Regus and many other similar executive suites emerged in the 1980 and 1990s as the workplace changed and responded to new technologies – personal computers, networking, fax machines, the dial-up Internet. The new technology allowed for workers to leave their corporate offices to telecommute from home or start their own business and rent an office in a executive suite. Executives suites shared some spaces, which is how Regus claims to be a founder of coworking, but were designed to provide a perception of stature while sharing some office resources and services. However, they were designed with physical barriers of walls and cubicles to provide seclusion and privacy.
Regus was pioneer in the executive suite industry and did prove that people want to get out of the house to work, that sharing resources could lower expenses, and that there was a market for workplaces sold at the individual level. They might have proved that tiered monthly plans was a viable business model, but I’m not sure. All of these lessons helped lead us to modern coworking.
How coworking evolved from Regus.
There have many great posts about the difference between coworking and executive suites so I wanted to think more about what caused coworking to emerge and people’s relationship with the space since executive suites first opened. Coworking was a reaction to and enabled by technology, just as Regus was decades ago. Instead of the 80s and 90s technology allowing for people to work remotely coworking was a reaction to mobility. New wireless technology allowed for coworkers to share more resources and eliminate the need for a dedicated space since people could work anywhere with a wireless signal. The freedom to move around and still be connected changed how coworkers were able to design and relate to work spaces which lead to the coworking transformation from the Regus business model.
Cultural shift: Coworking eliminated walls, lowered the price, and let people talk.
Coworking started out and continues to be a relationship between people and between space. Coworking spaces tore down walls and built relationships between people instead of things.
Minimal physical ownership of a designated space drove coworkers to think of the space as a collective ‘ours’ and contribute to its evolving form. This is drastically different than the relationship that Regus creates between its members and the space they rent. Regus members have a designated space they can make their own office, but otherwise they provide a cookie-cutter utilitarian space. Regus creates a relationship that is transactional between two companies versus a growing partnership with vested interest found in a coworking community.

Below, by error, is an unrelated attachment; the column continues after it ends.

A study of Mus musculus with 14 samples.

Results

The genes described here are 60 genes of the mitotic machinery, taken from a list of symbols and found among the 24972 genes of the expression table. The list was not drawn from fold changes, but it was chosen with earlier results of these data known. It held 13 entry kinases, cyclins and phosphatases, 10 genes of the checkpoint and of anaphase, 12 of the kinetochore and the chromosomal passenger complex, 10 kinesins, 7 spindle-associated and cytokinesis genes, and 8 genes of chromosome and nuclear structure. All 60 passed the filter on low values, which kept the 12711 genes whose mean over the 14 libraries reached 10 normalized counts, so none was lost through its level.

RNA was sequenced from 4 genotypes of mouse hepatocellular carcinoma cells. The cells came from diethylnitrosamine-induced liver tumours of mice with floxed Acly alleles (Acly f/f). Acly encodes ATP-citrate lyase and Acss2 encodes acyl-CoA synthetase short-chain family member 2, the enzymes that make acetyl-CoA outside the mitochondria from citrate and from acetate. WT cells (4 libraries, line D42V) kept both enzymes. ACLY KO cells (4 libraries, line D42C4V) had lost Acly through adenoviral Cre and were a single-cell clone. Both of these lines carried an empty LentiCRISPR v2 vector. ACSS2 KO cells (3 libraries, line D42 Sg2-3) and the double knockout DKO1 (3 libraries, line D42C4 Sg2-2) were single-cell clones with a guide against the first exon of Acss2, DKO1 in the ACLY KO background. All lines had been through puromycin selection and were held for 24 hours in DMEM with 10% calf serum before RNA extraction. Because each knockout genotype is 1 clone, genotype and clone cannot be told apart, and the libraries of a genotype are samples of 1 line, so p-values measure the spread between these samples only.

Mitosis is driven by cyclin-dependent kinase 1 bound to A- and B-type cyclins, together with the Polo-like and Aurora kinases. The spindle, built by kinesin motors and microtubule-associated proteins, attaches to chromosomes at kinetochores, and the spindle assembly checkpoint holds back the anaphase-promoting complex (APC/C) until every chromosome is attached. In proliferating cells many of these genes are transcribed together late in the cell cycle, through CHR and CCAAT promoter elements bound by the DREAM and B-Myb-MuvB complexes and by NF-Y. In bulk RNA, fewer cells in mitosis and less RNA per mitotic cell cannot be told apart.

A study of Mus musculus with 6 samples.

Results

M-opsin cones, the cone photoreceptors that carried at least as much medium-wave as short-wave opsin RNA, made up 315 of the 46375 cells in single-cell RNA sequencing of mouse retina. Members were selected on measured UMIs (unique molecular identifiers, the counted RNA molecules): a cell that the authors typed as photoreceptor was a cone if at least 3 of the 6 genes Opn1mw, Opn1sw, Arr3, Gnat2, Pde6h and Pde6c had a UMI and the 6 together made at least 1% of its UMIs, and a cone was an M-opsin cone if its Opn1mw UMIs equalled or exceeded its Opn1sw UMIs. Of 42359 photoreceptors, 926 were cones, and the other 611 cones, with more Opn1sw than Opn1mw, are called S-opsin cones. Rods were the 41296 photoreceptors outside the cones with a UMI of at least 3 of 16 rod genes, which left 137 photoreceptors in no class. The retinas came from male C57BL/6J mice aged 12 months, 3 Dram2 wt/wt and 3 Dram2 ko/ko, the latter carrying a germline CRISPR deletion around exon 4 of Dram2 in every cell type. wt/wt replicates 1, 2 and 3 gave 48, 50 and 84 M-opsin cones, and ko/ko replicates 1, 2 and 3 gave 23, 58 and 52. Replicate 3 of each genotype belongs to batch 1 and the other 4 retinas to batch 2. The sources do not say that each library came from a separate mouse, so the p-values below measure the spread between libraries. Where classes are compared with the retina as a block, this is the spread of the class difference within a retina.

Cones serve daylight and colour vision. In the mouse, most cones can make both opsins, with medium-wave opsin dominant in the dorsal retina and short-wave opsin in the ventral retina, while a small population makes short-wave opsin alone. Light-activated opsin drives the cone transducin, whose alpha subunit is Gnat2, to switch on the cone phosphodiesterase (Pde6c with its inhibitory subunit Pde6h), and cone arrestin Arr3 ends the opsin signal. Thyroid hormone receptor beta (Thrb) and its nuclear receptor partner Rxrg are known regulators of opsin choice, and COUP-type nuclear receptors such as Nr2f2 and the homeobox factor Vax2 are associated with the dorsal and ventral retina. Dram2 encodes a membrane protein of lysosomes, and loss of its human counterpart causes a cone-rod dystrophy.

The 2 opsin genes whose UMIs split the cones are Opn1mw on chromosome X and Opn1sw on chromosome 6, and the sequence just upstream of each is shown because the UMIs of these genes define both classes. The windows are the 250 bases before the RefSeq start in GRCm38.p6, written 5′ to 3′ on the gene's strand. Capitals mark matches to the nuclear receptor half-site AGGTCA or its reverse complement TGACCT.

Coworking spaces have also managed to keep prices low and flexible in most instances by sharing resources. Modern wireless and web technology have changed what workers use with daily carrier mail and phone calls replaced by email elminating the need for many of the extra services provided by Regus. Many coworking spaces share speedy Wifi, an address, a printer, meeting rooms, chairs, desks, and other resources. Coworking realized that many people just want a plug, quality coffee, and amazing people around. This extreme form of collaborative consumption enabled by technology allowed for membership prices to be low and flexible because of the reduced expenses compared to Regus’ model. The new lower prices allows for a diverse culture of freelancers just starting out, funded startups, and remote workers to come together in one community.
This all leads to coworking’s greatest divergence/evolution from Regus; a culture of openness and community between a full range of skills and experience. Coworking communities want people to talk and connect. A coworking community is not about proprietary information and secrets but learning together and friendship.
Did Regus contribute to coworking community? Yes. Were they leaders and founders of the coworking movement? No. Regus contributed in their own way to the changing work space but they have a different vision and that’s okay.